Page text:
Despite healthcare law's ongoing rollout, cost and access still top the list
WASHINGTON, D.C. -- Nearly one-quarter of Americans (23%) say cost is the most urgent health problem facing the U.S. today, a four-percentage-point increase since last year that has allowed it to surpass access as the most pressing issue. Americans named access as the top problem from 2007-2012.
These findings from a Nov. 7-10 Gallup poll come at a particularly trying time for President Barack Obama's signature legislative achievement, the Affordable Care Act. In addition to the malfunctioning federal health insurance exchange website, many Americans have been notified that their current insurance policies will be canceled because they don't comply with the law's new standards. Though Obama has offered a temporary reprieve for these policies, it is not clear how this will work, and some individuals may ultimately have to consider policies with higher premiums.
Despite this scrutiny, the share of Americans citing cost as the nation's top health problem is not inordinately high compared with previous years, though it has increased slightly from the average reading observed throughout Obama's presidency. Fewer Americans now see access as the foremost health dilemma (16%) than in any year since 2005. This year's figure represents a 13-point decline from 2007 and 2008, when nearly three in 10 Americans named access as the nation's main health concern.
Among actual health ailments, obesity ranks first, with 13% naming it. This figure is in line with last year, when an unprecedented 16% saw obesity as the main culprit bedeviling the nation's health. Simultaneously, cancer, the second-leading cause of death in America, has fallen to fourth place on the list. Two percent mention heart disease, the nation's leading cause of death.
The percentage of Americans naming "government interference" as the top problem has increased the most this year vs. 2012 -- now at 9%, compared with 2% last year. That nearly matches the 10% who named government interference in November 2010, the first update of the question after the healthcare law was passed.
Other health threats that have attracted considerable mention in the past, such as the flu and bioterrorism, failed to register at all in 2013. Although the percentage mentioning mental illness is small, at 2%, it is higher than in previous years, when no more than 1% named it as the top problem. The increase could be related to the media attention the condition has received after it was mentioned as a possible factor in several U.S. mass shootings.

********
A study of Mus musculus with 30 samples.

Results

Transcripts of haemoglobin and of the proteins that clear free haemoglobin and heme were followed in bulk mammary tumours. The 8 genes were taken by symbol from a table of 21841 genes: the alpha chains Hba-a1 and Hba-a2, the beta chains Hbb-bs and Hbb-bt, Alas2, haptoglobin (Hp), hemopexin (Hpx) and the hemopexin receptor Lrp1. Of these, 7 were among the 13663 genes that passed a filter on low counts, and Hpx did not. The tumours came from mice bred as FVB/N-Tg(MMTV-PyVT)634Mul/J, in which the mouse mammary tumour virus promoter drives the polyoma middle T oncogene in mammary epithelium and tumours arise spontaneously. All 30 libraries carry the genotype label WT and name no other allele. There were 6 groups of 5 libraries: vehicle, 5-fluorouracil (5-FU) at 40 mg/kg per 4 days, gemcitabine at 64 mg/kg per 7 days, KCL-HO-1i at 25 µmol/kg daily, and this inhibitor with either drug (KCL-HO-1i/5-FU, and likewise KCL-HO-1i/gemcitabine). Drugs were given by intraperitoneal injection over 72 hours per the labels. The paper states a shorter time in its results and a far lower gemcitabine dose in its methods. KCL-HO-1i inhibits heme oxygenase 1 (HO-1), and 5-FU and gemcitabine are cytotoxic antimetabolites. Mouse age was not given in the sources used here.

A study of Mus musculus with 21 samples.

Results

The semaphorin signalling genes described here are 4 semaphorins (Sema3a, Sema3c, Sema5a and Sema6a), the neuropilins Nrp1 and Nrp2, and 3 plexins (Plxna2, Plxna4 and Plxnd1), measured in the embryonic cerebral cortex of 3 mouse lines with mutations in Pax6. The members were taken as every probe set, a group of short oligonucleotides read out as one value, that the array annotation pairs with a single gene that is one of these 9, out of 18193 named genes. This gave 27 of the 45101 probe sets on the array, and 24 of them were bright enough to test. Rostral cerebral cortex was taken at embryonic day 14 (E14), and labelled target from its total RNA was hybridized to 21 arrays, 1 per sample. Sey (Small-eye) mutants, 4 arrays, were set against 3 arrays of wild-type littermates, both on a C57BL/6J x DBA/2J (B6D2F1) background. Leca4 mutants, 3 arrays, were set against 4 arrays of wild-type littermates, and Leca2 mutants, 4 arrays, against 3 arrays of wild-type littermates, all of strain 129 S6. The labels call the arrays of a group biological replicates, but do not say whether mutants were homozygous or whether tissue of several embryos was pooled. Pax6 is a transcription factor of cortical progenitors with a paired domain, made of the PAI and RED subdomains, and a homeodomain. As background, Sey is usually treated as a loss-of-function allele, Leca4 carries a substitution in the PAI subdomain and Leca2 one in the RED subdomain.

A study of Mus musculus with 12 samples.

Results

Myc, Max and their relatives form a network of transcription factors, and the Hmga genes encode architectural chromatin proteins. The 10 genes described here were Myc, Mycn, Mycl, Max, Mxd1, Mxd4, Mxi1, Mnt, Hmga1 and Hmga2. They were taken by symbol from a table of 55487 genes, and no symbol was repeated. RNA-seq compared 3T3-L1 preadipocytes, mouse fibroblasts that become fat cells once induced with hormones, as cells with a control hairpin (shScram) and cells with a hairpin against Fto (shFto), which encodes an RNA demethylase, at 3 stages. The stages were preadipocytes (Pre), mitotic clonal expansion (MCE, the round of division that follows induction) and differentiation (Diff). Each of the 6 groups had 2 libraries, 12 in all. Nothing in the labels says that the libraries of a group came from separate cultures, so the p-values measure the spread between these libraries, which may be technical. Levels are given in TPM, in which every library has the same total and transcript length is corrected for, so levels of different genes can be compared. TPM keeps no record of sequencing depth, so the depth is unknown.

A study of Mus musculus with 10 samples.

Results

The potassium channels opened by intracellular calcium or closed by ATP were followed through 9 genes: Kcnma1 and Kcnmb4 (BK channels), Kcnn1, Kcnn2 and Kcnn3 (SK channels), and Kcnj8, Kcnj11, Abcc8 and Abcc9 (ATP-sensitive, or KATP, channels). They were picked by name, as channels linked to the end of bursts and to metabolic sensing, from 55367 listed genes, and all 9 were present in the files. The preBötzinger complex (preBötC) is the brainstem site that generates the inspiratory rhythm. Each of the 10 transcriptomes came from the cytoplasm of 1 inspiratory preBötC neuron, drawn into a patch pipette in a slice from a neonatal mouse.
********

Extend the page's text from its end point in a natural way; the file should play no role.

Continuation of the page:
Although Gallup has asked Americans about the most urgent health problem facing the country periodically since 1987 and annually since 2001, this is the first poll conducted since major portions of the new healthcare law were rolled out. Two of the main issues the law is designed to address -- healthcare access and cost -- remain the most vexing to Americans. In particular, the percentage citing cost as the central problem is the highest since 2008.
Disapproval of the Affordable Care Act has recently spiked. But these data indicate that many Americans appear to agree with two of the rationales for the law, namely that healthcare is too expensive and that many struggle with obtaining access to these vital services. Because major portions of the act have only recently gone into effect and still others have yet to come online, it is hard to assess how the legislation is changing Americans' perceptions on these core points. Fewer Americans, relative to the recent past, say access is the top problem but the share of Americans citing cost as a challenge is creeping back up to where it was before the law was passed. It appears the verdict thus far is mixed.
Results for this Gallup poll are based on telephone interviews conducted Nov. 7-10, 2013, with a random sample of 1,039 adults, aged 18 and older, living in all 50 U.S. states and the District of Columbia.
For results based on the total sample of national adults, one can say with 95% confidence that the margin of sampling error is ±4 percentage points.
Interviews are conducted with respondents on landline telephones and cellular phones, with interviews conducted in Spanish for respondents who are primarily Spanish-speaking. Each sample of national adults includes a minimum quota of 50% cellphone respondents and 50% landline respondents, with additional minimum quotas by region. Landline and cell telephone numbers are selected using random-digit-dial methods. Landline respondents are chosen at random within each household on the basis of which member had the most recent birthday.
Samples are weighted to correct for unequal selection probability, nonresponse, and double coverage of landline and cell users in the two sampling frames. They are also weighted to match the national demographics of gender, age, race, Hispanic ethnicity, education, region, population density, and phone status (cellphone only/landline only/both, and cellphone mostly). Demographic weighting targets are based on the March 2012 Current Population Survey figures for the aged 18 and older U.S. population. Phone status targets are based on the July-December 2011 National Health Interview Survey. Population density targets are based on the 2010 census. All reported margins of sampling error include the computed design effects for weighting.
In addition to sampling error, question wording and practical difficulties in conducting surveys can introduce error or bias into the findings of public opinion polls.
For more details on Gallup's polling methodology, visit www.gallup.com.